When we reviewed the 25th anniversary remake of the classic Boulder Dash game back in May, there were some flaws that kept it from being rock-solid. These included clunky controls and a very low frame rate that made the game a pain to play. However, it seems the developers have gone back, cleaned up their engine, and ported over the PSP/DS hit, Boulder Dash ROCKS! (which we will refer to as BD:R in this review so as to slightly temper our enthusiasm). The results are not perfect, but we found ourselves highly entertained by this game.
For those who are not familiar with the franchise, Boulder Dash puts you in an underground cave maze where you must collect enough diamonds in the allotted time to open the exit. To do this, you dig a tunnel through the grid-based gravel. There is a twist, however: Digging underneath boulders causes them to fall, blocking your path or crushing you. This is still true in BD:R, but new gameplay mechanics heavily build upon the concept.
There is now a health bar, which depletes when you make contact with an enemy or get pummeled by falling boulders. Occasional health packs hidden in levels will replenish your health if you are close to death. You also have a ray gun, which can access four types of ammo such as destructo-lasers and a boulder-pulling mechanism.
Some of the other new mechanics include portals, keys, wall-breaking dynamite, and heavier boulders that cannot be moved. These play a key role is solving many levels, but the majority were scarcely used, and when they were we felt their implementation did not do much to enhance the stategy.
The game is jam-packed with levels, with 84 in the planet tour and 20 time trials. Both modes are pretty self-explanatory: Planet tour is the story mode and the time trials have you racing the clock. It took us about five hours, including multiple takes on some of the levels, to complete them all. Those who love high scores will easily find replay value, too.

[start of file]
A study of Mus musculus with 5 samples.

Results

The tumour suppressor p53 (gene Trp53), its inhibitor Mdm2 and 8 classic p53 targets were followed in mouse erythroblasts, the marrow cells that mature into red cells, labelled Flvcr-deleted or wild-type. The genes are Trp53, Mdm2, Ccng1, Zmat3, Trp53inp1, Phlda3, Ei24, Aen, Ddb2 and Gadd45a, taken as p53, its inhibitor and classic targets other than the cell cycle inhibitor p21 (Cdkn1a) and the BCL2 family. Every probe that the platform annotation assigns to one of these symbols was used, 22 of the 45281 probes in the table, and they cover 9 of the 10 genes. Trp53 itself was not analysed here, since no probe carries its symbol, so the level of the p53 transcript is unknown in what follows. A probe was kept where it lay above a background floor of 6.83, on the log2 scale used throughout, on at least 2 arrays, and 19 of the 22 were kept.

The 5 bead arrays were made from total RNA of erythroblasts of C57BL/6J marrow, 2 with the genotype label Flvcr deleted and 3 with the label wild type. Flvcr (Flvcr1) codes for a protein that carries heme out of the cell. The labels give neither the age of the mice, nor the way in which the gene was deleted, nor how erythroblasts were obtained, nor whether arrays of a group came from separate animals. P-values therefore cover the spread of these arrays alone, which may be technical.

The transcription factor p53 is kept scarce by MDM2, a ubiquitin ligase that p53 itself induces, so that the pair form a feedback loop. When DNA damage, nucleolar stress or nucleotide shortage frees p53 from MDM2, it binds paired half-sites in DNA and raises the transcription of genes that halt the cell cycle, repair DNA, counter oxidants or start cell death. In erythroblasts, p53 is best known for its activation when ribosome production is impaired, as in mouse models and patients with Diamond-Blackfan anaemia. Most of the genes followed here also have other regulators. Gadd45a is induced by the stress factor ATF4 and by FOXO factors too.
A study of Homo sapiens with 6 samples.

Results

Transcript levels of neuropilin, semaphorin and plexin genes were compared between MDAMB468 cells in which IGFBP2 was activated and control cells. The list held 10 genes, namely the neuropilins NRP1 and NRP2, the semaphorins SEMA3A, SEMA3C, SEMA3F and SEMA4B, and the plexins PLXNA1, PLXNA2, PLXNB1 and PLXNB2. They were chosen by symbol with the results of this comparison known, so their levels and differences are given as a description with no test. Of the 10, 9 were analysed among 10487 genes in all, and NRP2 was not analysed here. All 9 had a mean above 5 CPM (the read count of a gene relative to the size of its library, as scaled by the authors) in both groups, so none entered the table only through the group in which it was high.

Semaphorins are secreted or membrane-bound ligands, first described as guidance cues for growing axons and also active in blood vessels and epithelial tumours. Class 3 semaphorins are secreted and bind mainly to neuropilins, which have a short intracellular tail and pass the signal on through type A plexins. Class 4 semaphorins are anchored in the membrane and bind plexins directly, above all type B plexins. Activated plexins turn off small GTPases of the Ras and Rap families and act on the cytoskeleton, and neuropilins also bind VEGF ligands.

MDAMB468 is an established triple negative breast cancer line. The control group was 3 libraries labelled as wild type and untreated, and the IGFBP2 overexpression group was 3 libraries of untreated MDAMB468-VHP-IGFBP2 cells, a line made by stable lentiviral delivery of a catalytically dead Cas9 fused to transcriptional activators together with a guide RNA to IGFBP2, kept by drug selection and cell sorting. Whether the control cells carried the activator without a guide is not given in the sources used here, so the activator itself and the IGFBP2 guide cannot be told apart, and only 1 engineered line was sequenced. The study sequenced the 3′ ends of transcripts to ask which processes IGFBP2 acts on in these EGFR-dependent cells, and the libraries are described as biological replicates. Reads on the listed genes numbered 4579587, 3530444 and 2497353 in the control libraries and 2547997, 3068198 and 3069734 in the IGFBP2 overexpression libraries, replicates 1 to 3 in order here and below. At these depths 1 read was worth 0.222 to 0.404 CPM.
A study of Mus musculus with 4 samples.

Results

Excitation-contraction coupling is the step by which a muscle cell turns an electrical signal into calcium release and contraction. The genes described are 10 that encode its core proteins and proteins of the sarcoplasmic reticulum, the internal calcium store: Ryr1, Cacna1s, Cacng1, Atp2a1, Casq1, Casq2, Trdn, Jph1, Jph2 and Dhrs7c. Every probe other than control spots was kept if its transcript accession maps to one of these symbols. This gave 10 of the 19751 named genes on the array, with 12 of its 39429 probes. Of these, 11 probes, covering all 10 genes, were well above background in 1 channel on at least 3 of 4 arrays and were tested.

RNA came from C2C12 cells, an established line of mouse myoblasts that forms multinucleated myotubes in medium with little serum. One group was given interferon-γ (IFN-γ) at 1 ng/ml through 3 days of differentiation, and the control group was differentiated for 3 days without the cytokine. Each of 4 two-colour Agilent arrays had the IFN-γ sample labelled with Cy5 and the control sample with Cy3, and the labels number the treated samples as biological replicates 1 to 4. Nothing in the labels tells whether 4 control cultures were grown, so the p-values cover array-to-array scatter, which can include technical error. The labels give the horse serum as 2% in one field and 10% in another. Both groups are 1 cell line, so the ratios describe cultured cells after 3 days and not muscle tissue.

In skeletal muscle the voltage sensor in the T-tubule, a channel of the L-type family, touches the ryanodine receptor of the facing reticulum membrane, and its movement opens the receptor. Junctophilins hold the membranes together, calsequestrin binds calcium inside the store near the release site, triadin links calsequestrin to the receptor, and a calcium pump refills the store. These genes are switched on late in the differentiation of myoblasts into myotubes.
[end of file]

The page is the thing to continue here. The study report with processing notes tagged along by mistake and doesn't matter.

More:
Get the weed killer!
Boulder Dash’s engine has been enhanced, and now runs at a smooth frame rate. Both the D-pad and swipe controls worked surprisingly well, but we chose the latter option due to the bulky movement buttons.
One of the most notable changes is the game’s new look. Rockford, who now looks like a cute blue alien, has retreated from his monotonous caverns and is now trapped in four silly worlds: Jungle, Lava, Water, and Netherworld (or the underworld, as we like to call it). The vibrant artwork displayed in each world creates a welcoming environment to play in. BD:R does suffer from bland menus, much like its predecessors, but it didn’t take away too much from the game.
Flames, devil horns’¦ I think I’ve dug too far.
Different visual styles are just about the only difference between the worlds, however. The same mechanics are reused as you progress, making the game much more repetitive than it could have been. Only dedicated players will likely stick it out until the end.
We appreciated the online scoring, but in this day and age of social platforms we hoped for more than just a simple leaderboard. The original Boulder Dash port had OpenFeint, and we hope the developers abandon their new scoring system for it.
Boulder Dash ROCKS! is a quality title, and it exceeds the original in many ways. If you like the franchise, we recommend picking this one up.